Current News

Dem legislative races begin to take shape

The Colorado Statesman

Democrats headed off one legislative primary and set up another at metro-area county assemblies held on Saturday.

In the jostling for an open, competitive seat in central Lakewood, political organizer Brittany Pettersen emerged unopposed as the Democratic nominee after a late entry in the House District 28 race against gay veteran Brian Carroll, who failed to qualify for the ballot at the district assembly at Lakewood High School.

Rosy budget curbs Homestead tax battle

The Colorado Statesman

The most anticipated partisan fight of the legislative session — over reinstating a property tax break for senior homeowners — seemingly came to an end Monday before it ever truly began.

During a presentation to the powerful Joint Budget Committee, staff director John Ziegler informed committee members that even after paying for the $98.5 million annual Senior Homestead Exemption, there will likely be $199.8 million left over in the 2012-13 fiscal year budget to avoid planned cuts, including to areas like education.

Style trumps policy splits in CU regent's primary

The Colorado Statesman

In a primary contest that has sidelined policy differences, the Republican candidates for CU regent at-large have turned their fire on each other.

Brian Davidson, a physician and faculty member at the University of Colorado’s Anschutz Medical Center, is facing off against political activist Matt Arnold for the chance to take on incumbent Democrat Stephen Ludwig, who was elected to the seat in 2006.

Ludwig beat Davidson by 5,814 votes, or a margin of 0.91 percent, in what was otherwise a tremendously successful election year for Democrats.

Swalm leads charge to audit Fastracks as RTD approves northwest hybrid plan

The Colorado Statesman

The Legislative Audit Committee on Tuesday unanimously backed a request to begin the preliminary stages of an audit of the Regional Transportation District’s FasTracks expansion project in preparation for a likely ballot question asking metro-area voters to approve a sales tax increase to bail the project out of a more than $2 billion budget shortfall.

Rep. Spencer Swalm, R-Centennial, requested the audit, concerned that RTD’s own estimates, claims and assumptions might be “vulnerable to yielding false or inaccurate results.”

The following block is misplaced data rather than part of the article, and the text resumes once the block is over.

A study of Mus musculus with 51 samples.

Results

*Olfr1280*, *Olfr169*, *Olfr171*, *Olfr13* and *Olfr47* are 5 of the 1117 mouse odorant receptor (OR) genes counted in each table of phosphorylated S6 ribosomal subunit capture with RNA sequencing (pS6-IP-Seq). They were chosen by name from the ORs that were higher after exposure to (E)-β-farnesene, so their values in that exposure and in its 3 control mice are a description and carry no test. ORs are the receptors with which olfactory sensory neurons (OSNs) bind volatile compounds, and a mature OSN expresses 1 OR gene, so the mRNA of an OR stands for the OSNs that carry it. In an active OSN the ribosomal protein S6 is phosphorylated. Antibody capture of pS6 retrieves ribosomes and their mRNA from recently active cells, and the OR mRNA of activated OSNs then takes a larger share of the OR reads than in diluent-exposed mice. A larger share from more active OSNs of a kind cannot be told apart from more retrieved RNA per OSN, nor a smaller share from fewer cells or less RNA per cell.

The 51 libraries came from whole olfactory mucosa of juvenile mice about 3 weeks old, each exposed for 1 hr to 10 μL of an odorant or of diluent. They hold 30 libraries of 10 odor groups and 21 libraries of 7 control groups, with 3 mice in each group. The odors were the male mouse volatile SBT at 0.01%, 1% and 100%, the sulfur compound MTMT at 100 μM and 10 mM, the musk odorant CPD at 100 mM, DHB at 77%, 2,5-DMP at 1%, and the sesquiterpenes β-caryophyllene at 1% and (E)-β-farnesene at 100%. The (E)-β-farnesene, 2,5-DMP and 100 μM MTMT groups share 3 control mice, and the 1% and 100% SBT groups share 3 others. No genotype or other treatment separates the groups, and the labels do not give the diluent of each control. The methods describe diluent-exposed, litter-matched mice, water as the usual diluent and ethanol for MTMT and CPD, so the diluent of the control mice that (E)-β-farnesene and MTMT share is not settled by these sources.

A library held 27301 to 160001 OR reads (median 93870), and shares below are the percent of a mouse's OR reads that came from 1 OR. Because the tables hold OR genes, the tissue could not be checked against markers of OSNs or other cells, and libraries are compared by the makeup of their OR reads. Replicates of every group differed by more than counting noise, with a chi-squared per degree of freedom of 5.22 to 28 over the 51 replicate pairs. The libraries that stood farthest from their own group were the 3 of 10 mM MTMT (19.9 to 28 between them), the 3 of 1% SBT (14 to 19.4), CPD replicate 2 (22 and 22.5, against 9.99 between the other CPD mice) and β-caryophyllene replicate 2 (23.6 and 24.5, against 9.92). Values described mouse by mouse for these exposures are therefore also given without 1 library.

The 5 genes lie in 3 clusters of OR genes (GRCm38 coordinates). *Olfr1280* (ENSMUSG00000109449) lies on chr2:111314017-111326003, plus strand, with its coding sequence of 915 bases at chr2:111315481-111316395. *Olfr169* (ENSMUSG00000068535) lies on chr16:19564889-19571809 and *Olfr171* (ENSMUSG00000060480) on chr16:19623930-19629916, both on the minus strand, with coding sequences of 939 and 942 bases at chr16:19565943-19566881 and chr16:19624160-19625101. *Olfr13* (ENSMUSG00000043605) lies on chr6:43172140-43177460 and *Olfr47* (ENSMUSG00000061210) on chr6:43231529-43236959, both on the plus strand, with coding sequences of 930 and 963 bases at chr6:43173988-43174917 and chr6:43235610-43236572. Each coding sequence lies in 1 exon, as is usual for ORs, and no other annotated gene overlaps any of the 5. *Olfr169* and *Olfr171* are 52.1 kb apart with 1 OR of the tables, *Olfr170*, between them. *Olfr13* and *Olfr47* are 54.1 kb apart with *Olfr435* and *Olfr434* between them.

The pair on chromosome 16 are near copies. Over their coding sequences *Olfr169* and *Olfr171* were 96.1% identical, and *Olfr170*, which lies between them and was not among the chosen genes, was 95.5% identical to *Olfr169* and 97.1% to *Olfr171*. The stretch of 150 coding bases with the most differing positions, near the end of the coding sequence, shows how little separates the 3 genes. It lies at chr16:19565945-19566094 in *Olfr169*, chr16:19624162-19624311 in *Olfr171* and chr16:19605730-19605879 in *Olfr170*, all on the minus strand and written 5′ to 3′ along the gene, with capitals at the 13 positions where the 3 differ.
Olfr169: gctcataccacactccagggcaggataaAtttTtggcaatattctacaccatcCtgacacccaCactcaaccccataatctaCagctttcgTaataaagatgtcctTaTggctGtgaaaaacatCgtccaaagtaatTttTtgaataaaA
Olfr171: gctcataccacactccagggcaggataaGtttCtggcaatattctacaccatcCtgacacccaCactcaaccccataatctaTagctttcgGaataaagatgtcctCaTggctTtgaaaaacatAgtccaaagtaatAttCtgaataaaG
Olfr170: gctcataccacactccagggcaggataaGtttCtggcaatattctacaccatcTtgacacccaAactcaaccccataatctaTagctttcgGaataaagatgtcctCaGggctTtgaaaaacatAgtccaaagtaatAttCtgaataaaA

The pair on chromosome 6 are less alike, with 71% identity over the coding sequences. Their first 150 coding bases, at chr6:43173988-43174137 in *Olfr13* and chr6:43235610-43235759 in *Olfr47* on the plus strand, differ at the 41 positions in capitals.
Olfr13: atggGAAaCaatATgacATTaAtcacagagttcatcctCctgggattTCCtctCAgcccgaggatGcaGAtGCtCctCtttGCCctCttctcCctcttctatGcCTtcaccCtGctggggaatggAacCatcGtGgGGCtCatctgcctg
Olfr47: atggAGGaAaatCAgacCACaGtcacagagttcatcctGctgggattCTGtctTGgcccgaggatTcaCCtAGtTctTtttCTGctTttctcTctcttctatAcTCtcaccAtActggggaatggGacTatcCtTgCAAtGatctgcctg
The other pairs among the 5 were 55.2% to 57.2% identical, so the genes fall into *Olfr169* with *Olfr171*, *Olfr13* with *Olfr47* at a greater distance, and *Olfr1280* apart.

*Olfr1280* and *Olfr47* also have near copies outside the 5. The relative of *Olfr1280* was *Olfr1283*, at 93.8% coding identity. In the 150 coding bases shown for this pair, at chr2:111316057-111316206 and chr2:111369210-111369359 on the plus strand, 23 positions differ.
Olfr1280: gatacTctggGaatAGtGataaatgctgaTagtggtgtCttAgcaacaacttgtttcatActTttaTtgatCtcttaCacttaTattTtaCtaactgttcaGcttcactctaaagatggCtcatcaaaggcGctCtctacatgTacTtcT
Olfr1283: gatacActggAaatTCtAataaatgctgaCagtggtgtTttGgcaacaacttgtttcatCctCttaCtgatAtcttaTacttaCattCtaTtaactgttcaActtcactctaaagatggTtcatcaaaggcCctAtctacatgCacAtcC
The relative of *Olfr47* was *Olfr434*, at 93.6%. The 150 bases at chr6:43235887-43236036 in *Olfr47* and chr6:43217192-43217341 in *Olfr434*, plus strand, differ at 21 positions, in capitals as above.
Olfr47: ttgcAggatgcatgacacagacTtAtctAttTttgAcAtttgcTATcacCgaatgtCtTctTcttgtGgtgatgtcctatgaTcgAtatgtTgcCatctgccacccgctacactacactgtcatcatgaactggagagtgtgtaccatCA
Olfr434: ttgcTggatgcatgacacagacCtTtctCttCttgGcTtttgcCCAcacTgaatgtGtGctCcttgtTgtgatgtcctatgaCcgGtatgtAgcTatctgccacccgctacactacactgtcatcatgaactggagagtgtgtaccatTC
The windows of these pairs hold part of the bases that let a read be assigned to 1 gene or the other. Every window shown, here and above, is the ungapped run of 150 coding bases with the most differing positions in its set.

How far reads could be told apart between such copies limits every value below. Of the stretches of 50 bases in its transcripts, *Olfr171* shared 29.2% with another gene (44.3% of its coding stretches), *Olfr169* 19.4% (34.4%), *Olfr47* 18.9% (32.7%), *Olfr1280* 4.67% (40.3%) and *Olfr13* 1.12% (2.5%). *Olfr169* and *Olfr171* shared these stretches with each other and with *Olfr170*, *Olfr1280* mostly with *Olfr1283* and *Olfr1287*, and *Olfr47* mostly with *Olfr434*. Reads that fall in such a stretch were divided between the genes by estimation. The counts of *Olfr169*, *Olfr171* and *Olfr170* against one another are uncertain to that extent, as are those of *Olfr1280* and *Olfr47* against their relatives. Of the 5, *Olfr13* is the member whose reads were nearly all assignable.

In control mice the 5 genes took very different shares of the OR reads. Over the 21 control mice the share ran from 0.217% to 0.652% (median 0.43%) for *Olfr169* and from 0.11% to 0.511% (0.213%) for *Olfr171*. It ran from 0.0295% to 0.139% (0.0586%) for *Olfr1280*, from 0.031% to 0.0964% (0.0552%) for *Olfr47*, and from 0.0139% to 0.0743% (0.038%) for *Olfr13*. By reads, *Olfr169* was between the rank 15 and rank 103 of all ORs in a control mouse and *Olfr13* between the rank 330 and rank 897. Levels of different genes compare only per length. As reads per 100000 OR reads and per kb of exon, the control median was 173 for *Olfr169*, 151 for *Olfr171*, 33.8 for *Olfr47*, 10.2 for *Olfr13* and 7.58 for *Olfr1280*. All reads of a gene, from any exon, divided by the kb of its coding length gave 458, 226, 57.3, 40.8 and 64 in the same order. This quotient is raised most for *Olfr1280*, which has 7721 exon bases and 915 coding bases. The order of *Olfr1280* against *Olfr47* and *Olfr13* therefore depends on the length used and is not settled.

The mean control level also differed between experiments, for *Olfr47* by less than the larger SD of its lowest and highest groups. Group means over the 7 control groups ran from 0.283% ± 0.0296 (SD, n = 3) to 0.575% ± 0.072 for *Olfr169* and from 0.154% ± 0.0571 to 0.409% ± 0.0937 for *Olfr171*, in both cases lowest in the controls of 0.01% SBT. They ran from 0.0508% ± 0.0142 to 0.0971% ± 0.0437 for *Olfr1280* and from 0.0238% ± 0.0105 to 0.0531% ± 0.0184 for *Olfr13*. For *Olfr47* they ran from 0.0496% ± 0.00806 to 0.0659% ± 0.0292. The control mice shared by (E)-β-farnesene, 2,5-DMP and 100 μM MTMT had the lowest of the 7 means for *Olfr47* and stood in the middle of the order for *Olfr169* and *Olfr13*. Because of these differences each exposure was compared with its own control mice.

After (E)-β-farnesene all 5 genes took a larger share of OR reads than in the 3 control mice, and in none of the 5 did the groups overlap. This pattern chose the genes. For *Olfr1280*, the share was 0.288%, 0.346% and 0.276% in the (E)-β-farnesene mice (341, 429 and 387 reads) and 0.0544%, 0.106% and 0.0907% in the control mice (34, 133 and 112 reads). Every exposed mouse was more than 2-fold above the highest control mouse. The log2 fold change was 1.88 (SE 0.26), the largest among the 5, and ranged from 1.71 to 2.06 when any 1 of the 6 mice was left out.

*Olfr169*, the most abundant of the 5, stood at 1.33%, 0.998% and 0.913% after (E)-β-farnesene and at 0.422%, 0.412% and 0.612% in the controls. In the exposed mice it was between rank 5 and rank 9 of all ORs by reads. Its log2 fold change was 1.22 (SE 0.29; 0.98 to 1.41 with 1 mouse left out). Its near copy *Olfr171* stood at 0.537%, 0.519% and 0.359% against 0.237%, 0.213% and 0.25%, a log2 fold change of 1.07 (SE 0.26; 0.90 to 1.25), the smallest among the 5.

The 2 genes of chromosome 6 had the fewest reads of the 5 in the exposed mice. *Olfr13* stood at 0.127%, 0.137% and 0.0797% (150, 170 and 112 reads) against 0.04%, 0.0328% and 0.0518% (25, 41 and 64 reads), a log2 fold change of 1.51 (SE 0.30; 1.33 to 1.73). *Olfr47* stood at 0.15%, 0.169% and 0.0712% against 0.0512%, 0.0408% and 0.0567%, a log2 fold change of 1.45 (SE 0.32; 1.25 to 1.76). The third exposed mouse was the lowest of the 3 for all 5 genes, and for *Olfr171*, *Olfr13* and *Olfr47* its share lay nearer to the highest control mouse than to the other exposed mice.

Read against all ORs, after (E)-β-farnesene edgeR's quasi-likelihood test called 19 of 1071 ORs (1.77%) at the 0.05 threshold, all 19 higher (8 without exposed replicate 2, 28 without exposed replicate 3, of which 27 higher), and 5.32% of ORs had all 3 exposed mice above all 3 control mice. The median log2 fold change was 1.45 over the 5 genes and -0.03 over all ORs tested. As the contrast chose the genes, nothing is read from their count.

Dolls populate Capitol, reminder to count kids first

The 2012 KIDS COUNT in Colorado report, released this week by the Colorado Children’s Campaign, shows that a child’s address can dramatically affect his or her well-being and chance for success, with different areas in the state producing wildly different outcomes.

Legislative Briefs: 3.30.12

MEDICAID REFORM TO HOUSE FLOOR

The House Appropriations Committee on Tuesday unanimously backed legislation that aims to bring reforms to the Medicaid program.

Legislative Briefs: 3.23.12

‘PERSONHOOD’ OR PROTECTING WOMEN?

House Republicans on Monday sent to the Senate a bill that aims to make so-called "fetal homicide" a crime in Colorado.

TOP 12

Update of Colorado’s top legislative races in 2012

The Colorado Statesman

Smack in the middle of what might be called Colorado’s political pre-season — both parties have concluded their caucuses, county assemblies are under way, and the primary ballot is still taking shape — dozens of legislative races are beginning to vie for attention in a year so far dominated by the presidential race.

Still too soon to determine who’s ahead in Colorado’s race for prez

GOP presidential candidates in battle for Colorado delegates
The Colorado Statesman

More than six weeks after Colorado Republicans handed a surprise upset victory to former Pennsylvania Sen. Rick Santorum in a caucus-night straw poll, it’s still too soon to tell which GOP presidential candidate has won the state.

Neighborhood activist targets Dem incumbent

Dems Houck vs. Labuda in southwest Denver’s HD 1
The Colorado Statesman

Denver House District 1 Rep. Jeanne Labuda is term limited in 2014, but that hasn’t stopped community activist Corrie Houck from challenging the three-term Democratic incumbent this year in what has turned into a heated primary.

Labuda said she isn’t surprised by the intra-party challenge, particularly because she had been speaking with people in the district about finding a potential replacement for when she retires. She speculated that Houck decided to run in order to build name recognition for the 2014 election.